Y TEACHER knew Robert Murrell Stevenson (d. 2012) personally, because Roger Wagner (d. 1992) was very close to Stevenson. Stevenson taught at UCLA, and Wagner was director of Choral Activities at UCLA. My teacher also knew Monsignor Higinio Anglès (d. 1969)—and they spoke together in German, since both were fluent in German. Stevenson did much of his research in South America and Central America, whereas Anglès (from Catalonia) did much of his research in Rome. Anglès produced the complete works (“Opera Omnia”) of Cristóbal de Morales.
Stevenson (d. 2012) tells the fascinating story of this motet by the young Father Morales:
Father Morales wrote his 6-voice motet (“Jubilate Deo omnis terra”) for the June 1538 peace celebrations at Nice. It was at this Riviera haven that Pope Paul III finally succeeded in persuading Charles V and Francis I to conduct a peace parley. Convinced that music might somehow soothe the principals to a peace treaty, Pope Paul III brought along twenty of his own singers: all richly garbed in new velvet cassocks and silk surplices (the cost of these sumptuous garments having been paid for out of his private discretionary funds). Morales’s motet evidently made the desired impression, if its long-continuing popularity after the peace conference is accepted as sufficient evidence. The printing of the vocal parts—first at Lyons in 1542 and then at Venice in 1549—testify to the continuing popularity of a cantata that can have been conceived originally as no more than an occasional composition.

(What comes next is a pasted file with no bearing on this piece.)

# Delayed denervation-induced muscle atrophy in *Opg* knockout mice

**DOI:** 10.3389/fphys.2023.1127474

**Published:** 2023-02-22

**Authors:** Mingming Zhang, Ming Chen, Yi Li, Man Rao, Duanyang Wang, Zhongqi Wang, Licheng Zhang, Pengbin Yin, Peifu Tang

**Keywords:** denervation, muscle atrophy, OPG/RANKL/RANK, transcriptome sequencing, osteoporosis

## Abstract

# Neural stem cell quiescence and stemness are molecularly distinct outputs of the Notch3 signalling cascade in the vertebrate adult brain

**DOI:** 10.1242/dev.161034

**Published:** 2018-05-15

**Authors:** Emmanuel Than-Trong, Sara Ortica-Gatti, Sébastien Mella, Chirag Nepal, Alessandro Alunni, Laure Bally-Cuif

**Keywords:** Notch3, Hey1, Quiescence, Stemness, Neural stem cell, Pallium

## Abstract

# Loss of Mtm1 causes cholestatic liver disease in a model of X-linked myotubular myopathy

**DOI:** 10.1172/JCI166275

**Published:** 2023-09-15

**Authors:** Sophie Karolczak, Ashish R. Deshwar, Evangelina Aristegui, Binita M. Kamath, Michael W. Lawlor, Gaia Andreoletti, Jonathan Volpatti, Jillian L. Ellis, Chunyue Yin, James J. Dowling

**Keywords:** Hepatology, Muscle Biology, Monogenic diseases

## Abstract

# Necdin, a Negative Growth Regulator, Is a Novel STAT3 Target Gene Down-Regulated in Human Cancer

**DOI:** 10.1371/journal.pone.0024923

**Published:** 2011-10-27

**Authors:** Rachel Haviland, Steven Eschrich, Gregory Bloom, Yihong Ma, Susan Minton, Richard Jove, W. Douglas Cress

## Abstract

Nobody knows who made this recording!
…but it might have been Roger Wagner:
“Rejoice in the Lord, all ye lands; sing joyfully; rejoice and tell His praises. For, through the mediaton of Pope Paul III, CHARLES V (Carolus) and Francis I (those kings of vast domains) have agreed to unite; and peace descends from Heaven. —— O happy age, O happy Paul, O ye happy princes who have delivered peace to the Christian people. Long live Paul! Long live Charles! Long live Francis! Long may they live together, and may they give us peace for ever!”
I prefer this old recording—but there are plenty of modern recordings available if you don’t like it.
Here’s my question: What if peace had not been concluded? Would the composition have gone to waste?
Here is an example of how the Part Books looked.